Supplier Spotlight: Panchachuli U.K.

 
 Women Weavers of Kumaon. Courtesy of Panchachuli

Women Weavers of Kumaon. Courtesy of Panchachuli

Panchachuli UK has social and ecological principles at the very heart of their business. The Pashmina Cashmere wool is hand-spun, knitted, woven and dyed by Panchachuli women of Kumaon. From raw materials to end product, the process is entirely in the hands of the people. They are industrial leaders in sustainability - master craftsmen at producing pashmina cashmere wool. 

In 1997 Mukti Datta and Dena Kaye created Panchachuli Women Weavers in order to better the lives of the women from the Kumoan Region. They set up a training program to teach the women how to weave. Later in 2005 The Panchachuli Women Weavers Co-operation was founded. They were able to trade in cashmina due to the re-opening of a Tibetan trade route in 1995, that had been closed due to the Indo-China war. By reviving the regions lost art of handloom weaving, it has become a self-sufficient and vibrant social enterprise, owned and managed by over 800 local women.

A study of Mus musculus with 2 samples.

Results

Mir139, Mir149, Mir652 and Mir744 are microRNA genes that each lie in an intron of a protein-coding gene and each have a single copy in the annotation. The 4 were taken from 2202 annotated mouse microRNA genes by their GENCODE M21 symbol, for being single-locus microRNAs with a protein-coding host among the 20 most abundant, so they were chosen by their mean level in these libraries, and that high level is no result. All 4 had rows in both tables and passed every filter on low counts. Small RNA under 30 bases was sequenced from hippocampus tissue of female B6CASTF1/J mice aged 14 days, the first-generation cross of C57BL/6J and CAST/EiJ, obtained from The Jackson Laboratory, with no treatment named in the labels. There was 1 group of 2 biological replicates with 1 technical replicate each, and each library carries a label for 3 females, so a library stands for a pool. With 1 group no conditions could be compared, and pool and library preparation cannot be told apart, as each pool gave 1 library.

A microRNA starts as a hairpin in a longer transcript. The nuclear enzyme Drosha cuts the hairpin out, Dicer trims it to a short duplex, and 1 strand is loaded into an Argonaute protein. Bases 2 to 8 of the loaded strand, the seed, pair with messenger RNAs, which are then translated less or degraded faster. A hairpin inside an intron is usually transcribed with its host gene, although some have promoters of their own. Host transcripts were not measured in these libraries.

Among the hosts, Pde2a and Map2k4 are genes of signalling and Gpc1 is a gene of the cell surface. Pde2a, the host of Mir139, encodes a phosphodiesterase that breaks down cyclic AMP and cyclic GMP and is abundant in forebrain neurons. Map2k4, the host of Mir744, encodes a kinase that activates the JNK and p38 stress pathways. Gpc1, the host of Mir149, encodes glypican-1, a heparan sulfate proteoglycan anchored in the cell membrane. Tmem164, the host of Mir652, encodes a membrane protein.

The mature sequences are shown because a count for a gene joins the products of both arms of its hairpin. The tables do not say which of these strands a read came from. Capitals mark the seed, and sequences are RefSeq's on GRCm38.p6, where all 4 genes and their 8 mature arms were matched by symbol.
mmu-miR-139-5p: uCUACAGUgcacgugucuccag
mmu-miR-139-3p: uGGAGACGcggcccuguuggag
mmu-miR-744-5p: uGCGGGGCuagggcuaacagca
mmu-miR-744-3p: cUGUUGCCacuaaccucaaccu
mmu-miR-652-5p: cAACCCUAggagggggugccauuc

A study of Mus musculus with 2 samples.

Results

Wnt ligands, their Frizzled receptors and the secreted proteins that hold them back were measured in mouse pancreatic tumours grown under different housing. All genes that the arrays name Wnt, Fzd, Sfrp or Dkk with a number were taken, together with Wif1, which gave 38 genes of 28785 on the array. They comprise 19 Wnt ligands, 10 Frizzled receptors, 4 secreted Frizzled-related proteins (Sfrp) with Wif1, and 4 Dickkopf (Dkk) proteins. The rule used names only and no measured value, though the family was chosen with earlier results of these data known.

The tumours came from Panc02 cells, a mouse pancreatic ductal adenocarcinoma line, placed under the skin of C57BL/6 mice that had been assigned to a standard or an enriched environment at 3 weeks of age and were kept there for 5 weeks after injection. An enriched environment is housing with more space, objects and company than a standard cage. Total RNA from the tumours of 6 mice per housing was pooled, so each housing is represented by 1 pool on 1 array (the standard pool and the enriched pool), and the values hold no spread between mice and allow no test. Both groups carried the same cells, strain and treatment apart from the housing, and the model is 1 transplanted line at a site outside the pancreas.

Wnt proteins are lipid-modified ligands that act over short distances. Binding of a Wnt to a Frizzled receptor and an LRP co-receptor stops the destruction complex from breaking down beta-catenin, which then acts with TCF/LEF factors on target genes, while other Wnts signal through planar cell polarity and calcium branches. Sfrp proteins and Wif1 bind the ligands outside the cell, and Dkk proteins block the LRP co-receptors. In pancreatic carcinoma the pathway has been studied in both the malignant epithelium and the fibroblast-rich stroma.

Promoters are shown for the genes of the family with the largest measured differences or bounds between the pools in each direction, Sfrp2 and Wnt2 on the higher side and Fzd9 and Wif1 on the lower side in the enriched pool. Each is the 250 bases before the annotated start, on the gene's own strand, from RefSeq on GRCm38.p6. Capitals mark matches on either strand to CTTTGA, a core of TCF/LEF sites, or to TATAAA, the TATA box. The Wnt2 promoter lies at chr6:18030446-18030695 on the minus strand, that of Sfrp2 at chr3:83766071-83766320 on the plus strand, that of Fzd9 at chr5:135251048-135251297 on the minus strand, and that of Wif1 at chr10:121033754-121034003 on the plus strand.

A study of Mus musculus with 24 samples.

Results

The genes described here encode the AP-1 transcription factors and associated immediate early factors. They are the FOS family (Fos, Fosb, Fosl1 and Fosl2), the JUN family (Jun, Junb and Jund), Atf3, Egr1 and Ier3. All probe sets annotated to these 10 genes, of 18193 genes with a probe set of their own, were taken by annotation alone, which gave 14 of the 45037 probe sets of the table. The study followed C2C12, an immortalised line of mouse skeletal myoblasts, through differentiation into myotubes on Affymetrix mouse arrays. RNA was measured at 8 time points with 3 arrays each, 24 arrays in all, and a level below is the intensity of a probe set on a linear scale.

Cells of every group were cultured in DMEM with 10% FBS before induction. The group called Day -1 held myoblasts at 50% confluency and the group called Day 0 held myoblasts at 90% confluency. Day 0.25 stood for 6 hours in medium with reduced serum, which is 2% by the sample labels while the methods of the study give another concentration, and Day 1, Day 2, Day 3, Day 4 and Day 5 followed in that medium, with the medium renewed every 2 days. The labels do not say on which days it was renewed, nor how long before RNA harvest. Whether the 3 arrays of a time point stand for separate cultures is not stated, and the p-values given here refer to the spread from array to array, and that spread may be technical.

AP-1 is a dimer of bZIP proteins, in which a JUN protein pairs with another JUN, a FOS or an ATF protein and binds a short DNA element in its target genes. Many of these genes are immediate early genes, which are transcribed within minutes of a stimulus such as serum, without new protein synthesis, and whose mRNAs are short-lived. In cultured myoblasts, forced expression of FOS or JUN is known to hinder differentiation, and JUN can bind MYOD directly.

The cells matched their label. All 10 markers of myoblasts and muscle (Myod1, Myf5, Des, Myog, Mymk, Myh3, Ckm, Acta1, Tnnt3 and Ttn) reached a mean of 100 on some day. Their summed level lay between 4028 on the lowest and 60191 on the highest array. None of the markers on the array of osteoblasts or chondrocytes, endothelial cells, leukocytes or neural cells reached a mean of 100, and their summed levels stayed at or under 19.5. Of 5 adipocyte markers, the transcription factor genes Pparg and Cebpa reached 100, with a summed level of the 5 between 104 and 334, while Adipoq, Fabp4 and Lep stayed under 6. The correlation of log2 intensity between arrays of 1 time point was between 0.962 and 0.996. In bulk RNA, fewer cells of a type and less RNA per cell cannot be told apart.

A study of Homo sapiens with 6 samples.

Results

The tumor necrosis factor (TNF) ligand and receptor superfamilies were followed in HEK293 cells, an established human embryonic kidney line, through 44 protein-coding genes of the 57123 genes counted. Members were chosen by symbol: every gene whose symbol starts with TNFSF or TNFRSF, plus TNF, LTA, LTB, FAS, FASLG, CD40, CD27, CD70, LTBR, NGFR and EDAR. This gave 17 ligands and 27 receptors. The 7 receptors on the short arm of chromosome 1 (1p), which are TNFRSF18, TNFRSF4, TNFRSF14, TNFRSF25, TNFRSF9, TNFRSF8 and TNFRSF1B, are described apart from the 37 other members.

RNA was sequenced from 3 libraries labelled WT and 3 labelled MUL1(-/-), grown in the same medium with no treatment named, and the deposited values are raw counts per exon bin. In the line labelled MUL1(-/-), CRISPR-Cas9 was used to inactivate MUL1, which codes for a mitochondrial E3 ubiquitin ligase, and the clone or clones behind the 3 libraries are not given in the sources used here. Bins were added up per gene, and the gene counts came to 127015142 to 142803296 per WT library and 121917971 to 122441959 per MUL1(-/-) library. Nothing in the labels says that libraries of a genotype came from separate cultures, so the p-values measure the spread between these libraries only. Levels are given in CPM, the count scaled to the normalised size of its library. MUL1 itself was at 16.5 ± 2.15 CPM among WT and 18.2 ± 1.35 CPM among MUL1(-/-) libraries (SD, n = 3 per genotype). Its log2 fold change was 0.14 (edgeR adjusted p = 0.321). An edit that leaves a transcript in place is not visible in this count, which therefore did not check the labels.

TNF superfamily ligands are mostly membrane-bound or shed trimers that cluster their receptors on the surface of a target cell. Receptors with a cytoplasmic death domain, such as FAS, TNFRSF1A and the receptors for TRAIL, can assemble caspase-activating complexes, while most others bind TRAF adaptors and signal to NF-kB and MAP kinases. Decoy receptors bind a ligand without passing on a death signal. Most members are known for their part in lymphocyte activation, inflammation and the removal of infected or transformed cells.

Lambs Wool Hand Woven Houndstooth Tweed

Lambs Wool Hand Woven Houndstooth Tweed

 Lambs Wool Tweed Check

Lambs Wool Tweed Check

The pashmina cashmere wool is collected by Panchachuli women on an annual arduous trek to Tibet, or through the harvesting of oak silk and nettles by local villagers. Separated by hand, the wool is hand-spun using either tradition takli or the ‘Ghandi Spinning Wheel’ methods. The New Zealand lambswool is imported in hanks and dyed. This dye is made from indigenous flowers, leaves, bark and roots. They use ISO/AZO free dyes as well as water-based dyes for all printing processes. Indigo is the only exception, which comes from a community in Southern Indian. 

World-renowned for their ethical approach and community spirit, Panchachuli produces the highest quality pashmina cashmere wool. The sole source of income for most of the women are from Panchachuli products, and the local community reaps the benefits as a result. Everyday Panchachuli is preserving these ancient communities, whilst advancing the woman's quality of life.